The Lower St. Johns River resembles the Atlantic Ocean more than at any other time in its past: The currents are faster, the water is saltier and the tidal range can be more extreme.
The combined impacts from decades of dredging, sea level rise, and outdated infrastructure demand that we take action immediately to protect our river and our communities.
We need solutions.
Join St. Johns Riverkeeper staff as we discuss solutions to climate change and increasing water levels in the St. Johns with experts in the field. From parks to solar energy, we’ll talk about solutions across the board!
The Lower St. Johns River resembles the Atlantic Ocean more than at any other time in its past: The currents are faster, the water is saltier and the tidal range can be more extreme. Hurricane Irma demonstrated that a Category 1 storm can cause a shocking 150-year flood, sending salty seawater gushing into the streets and neighborhoods of Jacksonville due to decisions made in the past and the failure to invest in resiliency and mitigation strategies today. The combined impacts from decades of dredging, sea level rise, and outdated infrastructure demand that we take action immediately to protect our river and our communities.
As the Ocean Creeps In, a Special Report written by reporters Nate Monroe and Christopher Hong of the Florida Times-Union, was published in May 2018. This investigative report underscored how historic straightening, channelizing and dredging have impacted the St. Johns River. Based on these findings and ongoing concerns, St. Johns RIVERKEEPER enacted a series of River Rising Town Halls in 2018. These events were designed as a way to inform local citizens about rising waters and continue a dialogue about the flooding that threatens our economy, the river, our homes, businesses, recreation, and health.
It is critical that have a community conversation about these issues and act now. Otherwise, we will become even more vulnerable as waters continue to rise, flooding becomes more frequent, public infrastructure fails, and our river is further degraded by more sewage and pollution. – Lisa Rinaman, your St. Johns Riverkeeper.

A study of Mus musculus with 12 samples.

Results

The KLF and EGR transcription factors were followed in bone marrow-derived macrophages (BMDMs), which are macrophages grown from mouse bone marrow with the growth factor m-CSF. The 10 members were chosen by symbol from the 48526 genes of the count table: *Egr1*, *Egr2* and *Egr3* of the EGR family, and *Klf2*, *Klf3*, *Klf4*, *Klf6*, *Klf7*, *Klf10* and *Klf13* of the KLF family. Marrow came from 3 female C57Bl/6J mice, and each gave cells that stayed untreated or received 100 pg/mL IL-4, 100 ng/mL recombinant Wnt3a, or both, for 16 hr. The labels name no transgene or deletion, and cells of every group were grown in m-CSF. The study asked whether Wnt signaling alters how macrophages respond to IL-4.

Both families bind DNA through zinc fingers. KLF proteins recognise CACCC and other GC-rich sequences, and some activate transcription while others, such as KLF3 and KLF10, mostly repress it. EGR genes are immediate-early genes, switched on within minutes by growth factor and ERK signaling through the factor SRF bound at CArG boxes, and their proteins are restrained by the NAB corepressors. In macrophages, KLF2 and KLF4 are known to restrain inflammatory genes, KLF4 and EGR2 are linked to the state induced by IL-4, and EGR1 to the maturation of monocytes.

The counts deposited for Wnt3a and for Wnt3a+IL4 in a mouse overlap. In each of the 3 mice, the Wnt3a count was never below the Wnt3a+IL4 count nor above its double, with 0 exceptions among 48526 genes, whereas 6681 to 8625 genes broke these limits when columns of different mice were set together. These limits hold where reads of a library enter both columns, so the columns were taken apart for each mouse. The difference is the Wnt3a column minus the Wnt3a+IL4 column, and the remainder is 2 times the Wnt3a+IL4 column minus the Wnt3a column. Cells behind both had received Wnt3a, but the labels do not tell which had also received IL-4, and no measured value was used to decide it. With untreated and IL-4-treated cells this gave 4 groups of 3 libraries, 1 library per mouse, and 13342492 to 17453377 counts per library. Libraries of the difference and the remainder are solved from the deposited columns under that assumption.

Here are just some of the findings the Florida Times-Union Special Report highlighted:
- The tidal range — the difference between high tide and low tide — has increased over many decades, based on dredging, straightening and channelizing.
- When a river is dredged to a uniform depth, the natural features that can suck energy out of incoming waves — underwater sand dunes, rocks, grass beds — are eliminated. That makes it more like a smooth road with less resistance, allowing storm surges to impact areas further upriver.
- Greater depth can also explain why saltwater moves farther inland. In a deep river, heavier saltwater on the bottom mixes less with the fresh top layer, meaning there is less resistance to bottom-layer saltwater as it moves inland.
- The latest 7-foot dredging project could increase water levels in a 100-year storm surge by 3 to 6 inches in the main stem of the river, and by 8 inches in areas closer to the ocean.
It was only a matter of inches that saved some neighbors from thousands of dollars in damage while causing others to flood. Locally, the Northeast Florida Regional Council has recommended that we plan for rising waters of 1’ – 3’ by 2060 and 3’ – 6’ by 2110.
River Rising Town Halls
Hurricane Irma flooded homes and businesses, caused severe damage to public infrastructure, and left a toxic soup of sewage, chemicals, and debris in its wake. Despite the wakeup call, most elected leaders were doing very little following the storm to make our communities less vulnerable in the future.
ST. JOHNS RIVERKEEPER responded with a series of town hall meetings to raise awareness about the impacts of dredging and rising waters, spark dialogue about what we need to do to become more resilient, and encourage our leaders to act. Audiences overwhelmingly expressed concerns about the impacts of dredging and rising water levels in the St. Johns and the lack of action by elected officials.
Here is our direct action impact from the River Rising Town Halls:
- More than 900 people attended our nine Town Halls.
- Over 1,000 postcards were mailed to City leaders asking them to take action now to protect again the next big storm.
- Over 900 petition signatures were made asking the City of Jacksonville to demand more mitigation if the St. Johns River deep dredge is to move forward.
This initiative was intended to raise awareness about the impacts of climate change and dredging and encourage Jacksonville elected leaders to conduct a Vulnerability Assessment for the City and hire a Chief Resiliency Officer. We successfully accomplished all three objectives.
However, this work has just begun. St. Johns RIVERKEEPER continues to advocate for solutions to address the causes and impacts of climate change by reducing Greenhouse Gas (GHG) and implementing strategies to create more resilient communities throughout the watershed.